Author's avatar By 16 Jun, 2014
Essential Essential topic

5 techniques to integrate social media into your event marketing

Over the last decade, social media has emerged as one of the most useful platforms for finding new customers, developing your brand and expanding your business.

While there’s a massive amount of social media marketing information out there, almost all of it is aimed at business-to-consumer (B2C) businesses. With the right strategy, however, social media can be an equally powerful marketing platform for B2B businesses.

In this guide, we’ll show you five tactics that you can use to learn more about your upcoming trade shows, monitor your competitors, own your search engine results and connect with prospects with ease.

1. Incorporate social media into your company branding

In order for prospects to connect with you on Facebook, Twitter and LinkedIn, they need to know how to find you. Make social media an integral part of your branding by adding your usernames and URLs to banners, brochures and business cards.

Try to integrate social media on both a corporate and personal level. Add individual LinkedIn and Twitter accounts to business cards, and company accounts to banners and other large-scale branding.

Want to increase your social media connection rate? Use GOQR.me to generate QR codes with your social media profile URLs and add them to your business cards to make it easier for prospects to connect with you.

2. Learn about the event’s culture before you attend

Even within the same industry, there’s a huge level of variation between the cultures of different trade shows. Some are friendly and personal, with big deals made on the sales floor. Others are more formal and ‘corporate’, with the biggest opportunities found after the show itself at dinners, parties and meetings.

If you’re exhibiting at a trade show for the first time, use social media to research the event’s culture and atmosphere before you attend. Facebook Pages, industry forums and Twitter accounts of attendees of past shows are all great sources of information on past trade shows.

Need help finding reviews of previous shows? Use Google’s Search tools feature to filter your search results for last year’s show dates and find forum threads and blog posts from attendees.

3. Find ideas and inspiration from your competitors

Don’t just use social media to research a trade show’s culture and atmosphere – use it to learn what your competitors did there last year. Browse the Facebook Pages of your competitors to view their past exhibits, promotions and more.

Study the competitors that made a splash at previous events and adopt their most successful strategies for your own trade show exhibit. You can also search blogs of past attendees to learn which exhibits they found the most helpful, and which they weren’t so interested in.

Twitter’s custom search is great for finding trade show tweets from event attendees and competitors. Use operators like “near:” to narrow down your results by location or “since:” to search only for tweets made during a previous trade show.

For example, a search for [CES 2014 near:”Las Vegas” until:2014-1-10] will bring up results related to the Consumer Electronics Show, sent near Las Vegas until the 10th of January. Add an “@” operator to narrow your search to a specific Twitter user.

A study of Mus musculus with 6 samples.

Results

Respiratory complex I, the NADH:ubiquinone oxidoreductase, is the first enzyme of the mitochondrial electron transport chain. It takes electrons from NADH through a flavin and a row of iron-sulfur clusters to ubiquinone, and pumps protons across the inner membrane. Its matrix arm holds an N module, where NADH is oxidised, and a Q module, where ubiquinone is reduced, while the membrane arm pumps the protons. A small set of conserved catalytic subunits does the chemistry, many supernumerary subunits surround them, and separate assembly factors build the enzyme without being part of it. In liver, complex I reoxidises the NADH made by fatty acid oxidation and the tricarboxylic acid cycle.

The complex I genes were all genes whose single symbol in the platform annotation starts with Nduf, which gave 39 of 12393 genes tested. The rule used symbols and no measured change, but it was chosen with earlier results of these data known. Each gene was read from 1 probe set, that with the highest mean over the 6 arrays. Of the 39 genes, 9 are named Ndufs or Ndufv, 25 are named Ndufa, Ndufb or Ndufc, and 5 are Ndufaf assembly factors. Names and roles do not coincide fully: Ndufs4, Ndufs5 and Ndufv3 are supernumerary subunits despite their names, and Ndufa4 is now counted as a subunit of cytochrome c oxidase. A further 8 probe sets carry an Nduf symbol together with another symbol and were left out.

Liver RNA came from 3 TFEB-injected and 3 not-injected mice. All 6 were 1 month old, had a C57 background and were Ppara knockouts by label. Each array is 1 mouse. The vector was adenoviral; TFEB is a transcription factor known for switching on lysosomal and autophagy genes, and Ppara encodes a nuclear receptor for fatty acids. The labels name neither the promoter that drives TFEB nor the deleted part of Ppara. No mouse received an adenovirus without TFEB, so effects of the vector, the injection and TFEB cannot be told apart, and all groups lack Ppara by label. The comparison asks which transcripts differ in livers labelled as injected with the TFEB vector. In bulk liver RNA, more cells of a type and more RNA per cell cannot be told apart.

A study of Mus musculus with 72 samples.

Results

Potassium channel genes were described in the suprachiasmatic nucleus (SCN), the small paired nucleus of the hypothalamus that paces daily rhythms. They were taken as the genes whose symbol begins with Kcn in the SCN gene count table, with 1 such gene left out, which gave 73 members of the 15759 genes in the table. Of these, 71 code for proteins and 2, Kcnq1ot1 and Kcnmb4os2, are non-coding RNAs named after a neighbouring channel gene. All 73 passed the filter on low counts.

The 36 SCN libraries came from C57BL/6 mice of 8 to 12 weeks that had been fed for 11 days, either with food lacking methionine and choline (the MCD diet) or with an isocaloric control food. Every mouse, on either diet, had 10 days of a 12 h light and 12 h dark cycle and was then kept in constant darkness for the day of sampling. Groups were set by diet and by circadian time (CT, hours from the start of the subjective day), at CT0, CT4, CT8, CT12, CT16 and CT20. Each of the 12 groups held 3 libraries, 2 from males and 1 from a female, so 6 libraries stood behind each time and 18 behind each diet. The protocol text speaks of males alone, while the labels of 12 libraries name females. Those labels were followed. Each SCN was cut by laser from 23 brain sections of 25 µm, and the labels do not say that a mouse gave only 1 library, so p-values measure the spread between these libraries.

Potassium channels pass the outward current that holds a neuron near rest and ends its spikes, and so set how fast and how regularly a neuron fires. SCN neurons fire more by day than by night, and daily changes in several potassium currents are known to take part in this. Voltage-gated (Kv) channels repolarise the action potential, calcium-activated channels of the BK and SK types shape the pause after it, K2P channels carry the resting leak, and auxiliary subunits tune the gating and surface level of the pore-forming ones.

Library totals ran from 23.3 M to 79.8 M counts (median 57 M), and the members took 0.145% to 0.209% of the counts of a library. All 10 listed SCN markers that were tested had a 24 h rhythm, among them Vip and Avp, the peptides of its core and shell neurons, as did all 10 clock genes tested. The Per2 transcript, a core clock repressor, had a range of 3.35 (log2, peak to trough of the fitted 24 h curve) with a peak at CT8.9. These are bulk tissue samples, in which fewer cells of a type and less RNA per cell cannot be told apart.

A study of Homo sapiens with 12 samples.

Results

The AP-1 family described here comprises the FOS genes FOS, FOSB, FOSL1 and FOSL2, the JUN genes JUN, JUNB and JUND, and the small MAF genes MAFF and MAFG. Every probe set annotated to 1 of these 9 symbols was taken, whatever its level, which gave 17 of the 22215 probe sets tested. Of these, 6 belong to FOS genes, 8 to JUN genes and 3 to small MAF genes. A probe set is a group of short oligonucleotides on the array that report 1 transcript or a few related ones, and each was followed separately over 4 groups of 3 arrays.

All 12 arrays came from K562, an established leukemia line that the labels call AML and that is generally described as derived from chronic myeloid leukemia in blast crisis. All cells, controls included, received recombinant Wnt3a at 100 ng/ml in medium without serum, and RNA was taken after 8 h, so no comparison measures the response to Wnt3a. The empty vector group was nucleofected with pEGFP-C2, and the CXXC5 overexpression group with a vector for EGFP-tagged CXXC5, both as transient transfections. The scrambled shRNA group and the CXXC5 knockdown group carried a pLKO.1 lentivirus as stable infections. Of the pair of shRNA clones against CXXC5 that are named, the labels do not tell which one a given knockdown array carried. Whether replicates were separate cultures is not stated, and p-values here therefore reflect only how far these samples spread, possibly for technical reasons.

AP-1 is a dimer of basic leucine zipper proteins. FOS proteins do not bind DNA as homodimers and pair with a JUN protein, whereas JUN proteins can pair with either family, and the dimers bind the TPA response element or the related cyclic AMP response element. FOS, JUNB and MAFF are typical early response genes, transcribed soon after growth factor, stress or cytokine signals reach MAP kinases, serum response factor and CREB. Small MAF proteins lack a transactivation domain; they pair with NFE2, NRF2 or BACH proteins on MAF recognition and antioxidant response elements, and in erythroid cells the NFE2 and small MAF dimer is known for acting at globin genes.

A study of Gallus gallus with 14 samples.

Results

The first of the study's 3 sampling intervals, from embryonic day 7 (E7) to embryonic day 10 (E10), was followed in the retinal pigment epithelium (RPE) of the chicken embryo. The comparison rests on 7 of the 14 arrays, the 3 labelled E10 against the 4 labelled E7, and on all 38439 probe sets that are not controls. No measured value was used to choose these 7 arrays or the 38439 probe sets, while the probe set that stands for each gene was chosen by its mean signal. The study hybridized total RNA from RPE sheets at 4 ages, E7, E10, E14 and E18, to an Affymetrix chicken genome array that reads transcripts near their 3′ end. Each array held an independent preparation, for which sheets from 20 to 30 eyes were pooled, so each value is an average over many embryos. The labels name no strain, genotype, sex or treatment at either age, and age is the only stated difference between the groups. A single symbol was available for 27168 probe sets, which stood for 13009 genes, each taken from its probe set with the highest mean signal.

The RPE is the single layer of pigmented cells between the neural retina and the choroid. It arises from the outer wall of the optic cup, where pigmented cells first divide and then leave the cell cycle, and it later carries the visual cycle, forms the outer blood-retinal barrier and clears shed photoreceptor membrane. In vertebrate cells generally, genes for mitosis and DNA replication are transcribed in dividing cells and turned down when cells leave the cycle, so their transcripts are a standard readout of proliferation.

4. Use social media to own your Google search results

Trade shows are wonderful opportunities to raise awareness about your business within your industry. Since so many people will be searching for your business in the days after a trade show, it’s essential that you own your Google search results.

Perform some basic reputation management before your next big trade show by establishing social media profiles on Facebook, Twitter, LinkedIn and any other relevant social networks to keep your search results clean and organised.

By owning the Google search results for your brand name, you’ll make it as easy as possible for prospects to find the right information about your company and get in contact to do business with you.

KnowEm.com is a great resource for tracking down social media profiles for your brand. Enter your brand or business name to search for available profiles on over 500 social networks and 150 domain name extensions.

5. Connect with B2B prospects using LinkedIn InMail

In the days following a trade show, valuable prospects often end up dealing with hundreds of emails from sales reps and marketers. Instead of ending up near the bottom of a crowded email inbox, use LinkedIn InMail to stand out.

InMail lets you connect with any LinkedIn user, regardless of your previous history with them. Since users are notified of InMail via a LinkedIn alert email, they’re more likely to read and respond to your InMail than they would a standard email.

Just like with email, there’s etiquette to consider when sending an InMail to a person you’d like to do turn into a customer. Note your trade show interaction early in the message and use these InMail tips to make sure your message gets noticed.

Peter Symonds is a trade show marketing expert from Display Wizard. For more practical tips on how to increase the ROI of your trade show marketing, download the Display Wizard Guide to Exhibiting at a Trade Show.